Liberals, meanwhile, don't seem to trust the power of their own ideas to win without cheating any more than conservatives do. In Los Angeles, liberals have organized an infantile protest over changes in the L.A. Times' op-ed page, urging subscribers to renew for just three months and await further instructions about whether the paper has used that time satisfactorily to expunge itself of deviationism.
As it happens, I was bounced a few months ago from the job of running the L.A. Times opinion pages. So, I am enjoying the fuss from afar. But it's still ridiculous. The premise is that op-ed columns and other opinion pieces are not exercises in persuasion but simple counters: If you have more of them, you win. There is no room for the notion that reading something you disagree with might change your mind, or simply be more enjoyable than repeated ratifying of what you already believe.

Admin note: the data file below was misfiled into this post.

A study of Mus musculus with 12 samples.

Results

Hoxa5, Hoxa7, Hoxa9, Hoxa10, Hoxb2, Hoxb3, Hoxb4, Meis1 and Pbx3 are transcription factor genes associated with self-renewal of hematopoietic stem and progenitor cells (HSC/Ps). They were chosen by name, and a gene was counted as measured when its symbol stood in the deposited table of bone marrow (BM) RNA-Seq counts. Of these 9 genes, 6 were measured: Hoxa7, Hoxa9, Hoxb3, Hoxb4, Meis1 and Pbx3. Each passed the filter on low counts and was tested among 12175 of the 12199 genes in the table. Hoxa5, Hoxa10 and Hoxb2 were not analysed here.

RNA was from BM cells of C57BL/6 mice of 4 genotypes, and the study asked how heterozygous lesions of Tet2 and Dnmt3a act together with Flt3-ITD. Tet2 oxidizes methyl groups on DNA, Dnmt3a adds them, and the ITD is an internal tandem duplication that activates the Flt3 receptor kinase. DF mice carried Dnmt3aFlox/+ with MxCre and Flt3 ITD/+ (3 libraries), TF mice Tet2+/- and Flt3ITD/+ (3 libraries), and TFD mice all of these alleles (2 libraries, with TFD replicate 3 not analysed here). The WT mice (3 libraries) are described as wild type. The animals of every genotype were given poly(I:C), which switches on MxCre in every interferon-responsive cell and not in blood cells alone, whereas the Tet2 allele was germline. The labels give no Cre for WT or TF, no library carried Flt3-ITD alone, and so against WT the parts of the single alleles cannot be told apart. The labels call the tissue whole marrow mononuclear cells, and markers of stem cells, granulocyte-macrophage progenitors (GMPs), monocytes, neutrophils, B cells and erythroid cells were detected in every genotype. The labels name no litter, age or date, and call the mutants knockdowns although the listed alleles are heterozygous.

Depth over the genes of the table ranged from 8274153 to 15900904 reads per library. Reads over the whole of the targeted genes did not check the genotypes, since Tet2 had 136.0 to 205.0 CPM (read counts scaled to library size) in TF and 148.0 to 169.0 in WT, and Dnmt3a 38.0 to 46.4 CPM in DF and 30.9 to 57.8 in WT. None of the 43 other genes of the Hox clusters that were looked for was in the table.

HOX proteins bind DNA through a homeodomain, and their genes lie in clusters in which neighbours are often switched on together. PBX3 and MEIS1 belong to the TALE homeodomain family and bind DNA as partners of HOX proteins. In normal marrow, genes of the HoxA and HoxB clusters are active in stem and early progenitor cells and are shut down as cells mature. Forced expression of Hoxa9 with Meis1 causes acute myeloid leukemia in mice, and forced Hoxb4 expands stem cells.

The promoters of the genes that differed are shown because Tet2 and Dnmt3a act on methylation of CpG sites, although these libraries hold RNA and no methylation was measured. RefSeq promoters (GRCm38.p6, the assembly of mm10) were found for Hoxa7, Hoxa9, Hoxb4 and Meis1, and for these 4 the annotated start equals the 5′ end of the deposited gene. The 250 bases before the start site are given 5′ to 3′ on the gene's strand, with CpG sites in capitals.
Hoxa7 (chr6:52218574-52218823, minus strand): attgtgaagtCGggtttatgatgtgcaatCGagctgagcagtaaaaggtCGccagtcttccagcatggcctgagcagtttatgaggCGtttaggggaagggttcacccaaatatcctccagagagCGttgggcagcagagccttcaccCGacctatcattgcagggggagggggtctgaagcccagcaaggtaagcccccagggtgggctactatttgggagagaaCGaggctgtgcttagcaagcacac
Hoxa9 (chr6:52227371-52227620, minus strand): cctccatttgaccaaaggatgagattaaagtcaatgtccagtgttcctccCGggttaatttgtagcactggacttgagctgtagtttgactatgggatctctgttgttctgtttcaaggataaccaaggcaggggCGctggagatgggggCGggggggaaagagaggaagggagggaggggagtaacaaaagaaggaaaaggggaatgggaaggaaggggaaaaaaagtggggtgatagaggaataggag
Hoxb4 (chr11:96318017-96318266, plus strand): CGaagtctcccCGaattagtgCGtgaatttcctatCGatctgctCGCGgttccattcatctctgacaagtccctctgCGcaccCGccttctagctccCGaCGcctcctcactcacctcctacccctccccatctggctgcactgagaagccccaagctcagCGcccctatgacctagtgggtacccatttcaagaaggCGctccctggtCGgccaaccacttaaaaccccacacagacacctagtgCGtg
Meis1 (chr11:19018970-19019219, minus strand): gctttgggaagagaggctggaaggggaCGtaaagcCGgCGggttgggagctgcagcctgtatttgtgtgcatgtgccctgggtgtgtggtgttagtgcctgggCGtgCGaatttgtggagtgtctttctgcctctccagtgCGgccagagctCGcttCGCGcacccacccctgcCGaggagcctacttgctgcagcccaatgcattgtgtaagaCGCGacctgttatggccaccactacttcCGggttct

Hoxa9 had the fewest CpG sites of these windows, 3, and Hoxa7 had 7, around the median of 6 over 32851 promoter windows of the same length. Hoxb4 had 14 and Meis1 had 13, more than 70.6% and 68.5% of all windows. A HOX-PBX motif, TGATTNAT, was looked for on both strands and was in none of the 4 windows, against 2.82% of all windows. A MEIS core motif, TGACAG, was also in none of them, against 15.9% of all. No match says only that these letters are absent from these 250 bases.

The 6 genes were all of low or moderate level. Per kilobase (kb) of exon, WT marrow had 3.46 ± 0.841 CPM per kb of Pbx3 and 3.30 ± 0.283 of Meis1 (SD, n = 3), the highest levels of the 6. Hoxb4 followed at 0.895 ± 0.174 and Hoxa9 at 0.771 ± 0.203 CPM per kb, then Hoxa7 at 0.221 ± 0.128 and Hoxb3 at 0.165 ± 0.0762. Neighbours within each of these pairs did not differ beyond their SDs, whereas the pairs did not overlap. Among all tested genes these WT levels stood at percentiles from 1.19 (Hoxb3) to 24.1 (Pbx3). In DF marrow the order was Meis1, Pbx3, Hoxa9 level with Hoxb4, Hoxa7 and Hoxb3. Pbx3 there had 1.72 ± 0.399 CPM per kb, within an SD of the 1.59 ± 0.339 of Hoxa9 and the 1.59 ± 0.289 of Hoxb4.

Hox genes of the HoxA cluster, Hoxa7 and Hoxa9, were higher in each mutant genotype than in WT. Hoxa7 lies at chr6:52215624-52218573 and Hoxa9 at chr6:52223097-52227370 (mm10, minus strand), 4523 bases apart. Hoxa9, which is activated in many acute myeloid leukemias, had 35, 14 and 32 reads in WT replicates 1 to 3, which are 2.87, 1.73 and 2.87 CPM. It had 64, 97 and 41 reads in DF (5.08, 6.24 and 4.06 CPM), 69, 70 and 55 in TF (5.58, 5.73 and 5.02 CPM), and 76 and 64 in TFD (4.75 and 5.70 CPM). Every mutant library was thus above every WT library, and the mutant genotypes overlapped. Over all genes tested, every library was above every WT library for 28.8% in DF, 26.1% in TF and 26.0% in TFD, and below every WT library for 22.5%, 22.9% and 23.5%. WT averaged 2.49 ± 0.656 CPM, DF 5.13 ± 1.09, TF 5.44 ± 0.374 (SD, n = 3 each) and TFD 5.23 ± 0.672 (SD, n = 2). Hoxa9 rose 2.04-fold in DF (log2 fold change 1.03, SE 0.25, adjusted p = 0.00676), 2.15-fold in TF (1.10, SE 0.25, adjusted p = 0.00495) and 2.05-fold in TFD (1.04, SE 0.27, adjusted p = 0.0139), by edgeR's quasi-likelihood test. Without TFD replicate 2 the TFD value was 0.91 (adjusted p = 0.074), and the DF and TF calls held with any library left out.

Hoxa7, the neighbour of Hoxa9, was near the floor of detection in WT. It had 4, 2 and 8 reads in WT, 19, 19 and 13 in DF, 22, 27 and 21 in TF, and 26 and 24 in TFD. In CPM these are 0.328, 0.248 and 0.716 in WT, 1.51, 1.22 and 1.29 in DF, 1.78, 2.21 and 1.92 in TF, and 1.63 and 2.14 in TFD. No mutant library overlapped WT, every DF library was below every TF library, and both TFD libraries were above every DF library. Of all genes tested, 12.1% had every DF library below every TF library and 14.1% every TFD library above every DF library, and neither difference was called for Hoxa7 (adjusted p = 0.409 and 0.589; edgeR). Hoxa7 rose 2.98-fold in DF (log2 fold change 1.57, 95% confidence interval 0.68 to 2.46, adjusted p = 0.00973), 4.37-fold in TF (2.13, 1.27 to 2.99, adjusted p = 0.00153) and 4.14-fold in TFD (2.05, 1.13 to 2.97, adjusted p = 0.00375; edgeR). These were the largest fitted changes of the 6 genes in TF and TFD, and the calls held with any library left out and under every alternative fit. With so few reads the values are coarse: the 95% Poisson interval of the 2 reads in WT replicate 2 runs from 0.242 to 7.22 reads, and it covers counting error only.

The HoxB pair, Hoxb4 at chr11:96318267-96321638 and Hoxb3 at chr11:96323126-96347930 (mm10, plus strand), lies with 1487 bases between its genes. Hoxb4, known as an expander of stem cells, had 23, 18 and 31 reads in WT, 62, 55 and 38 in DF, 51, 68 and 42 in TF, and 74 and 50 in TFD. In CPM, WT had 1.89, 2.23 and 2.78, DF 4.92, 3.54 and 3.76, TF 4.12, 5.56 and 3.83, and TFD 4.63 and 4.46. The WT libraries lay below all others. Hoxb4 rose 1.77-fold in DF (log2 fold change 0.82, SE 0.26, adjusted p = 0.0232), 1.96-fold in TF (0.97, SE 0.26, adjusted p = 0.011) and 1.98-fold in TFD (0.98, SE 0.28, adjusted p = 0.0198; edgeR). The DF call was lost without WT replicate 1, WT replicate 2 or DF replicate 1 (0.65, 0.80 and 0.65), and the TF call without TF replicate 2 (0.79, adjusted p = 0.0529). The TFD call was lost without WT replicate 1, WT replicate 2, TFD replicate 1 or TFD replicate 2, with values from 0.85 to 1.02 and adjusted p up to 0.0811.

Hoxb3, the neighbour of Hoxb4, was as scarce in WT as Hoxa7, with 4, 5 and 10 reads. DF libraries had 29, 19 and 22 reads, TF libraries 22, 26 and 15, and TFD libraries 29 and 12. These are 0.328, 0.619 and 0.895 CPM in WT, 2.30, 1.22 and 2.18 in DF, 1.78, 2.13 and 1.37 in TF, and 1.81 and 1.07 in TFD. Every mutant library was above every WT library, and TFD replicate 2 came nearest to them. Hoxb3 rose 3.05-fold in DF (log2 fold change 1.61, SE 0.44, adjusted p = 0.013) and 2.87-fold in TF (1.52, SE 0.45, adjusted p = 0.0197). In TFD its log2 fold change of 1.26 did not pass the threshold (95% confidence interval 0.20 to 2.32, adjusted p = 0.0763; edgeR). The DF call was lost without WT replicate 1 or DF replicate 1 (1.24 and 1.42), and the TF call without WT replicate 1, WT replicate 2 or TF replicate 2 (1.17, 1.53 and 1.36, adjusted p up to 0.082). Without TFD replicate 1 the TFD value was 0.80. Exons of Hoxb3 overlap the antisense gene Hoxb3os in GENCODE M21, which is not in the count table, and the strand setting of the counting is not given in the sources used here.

So, opinions are merely counters, and those counters are for sale. That's what I mean by the commodification of opinion. Or that is what I would mean if I were ever to use such a pretentious term.
TODAY IN SLATE
Smash and Grab
Stop Panicking. America Is Now in Very Good Shape to Respond to the Ebola Crisis.
The 2014 Kansas City Royals Show the Value of Building a Mediocre Baseball Team
The GOP Won’t Win Any Black Votes With Its New “Willie Horton” Ad
Sleater-Kinney Was Once America’s Best Rock Band
Can it be again?
Forget Oculus Rift
This $25 cardboard box turns your phone into an incredibly fun virtual reality experience.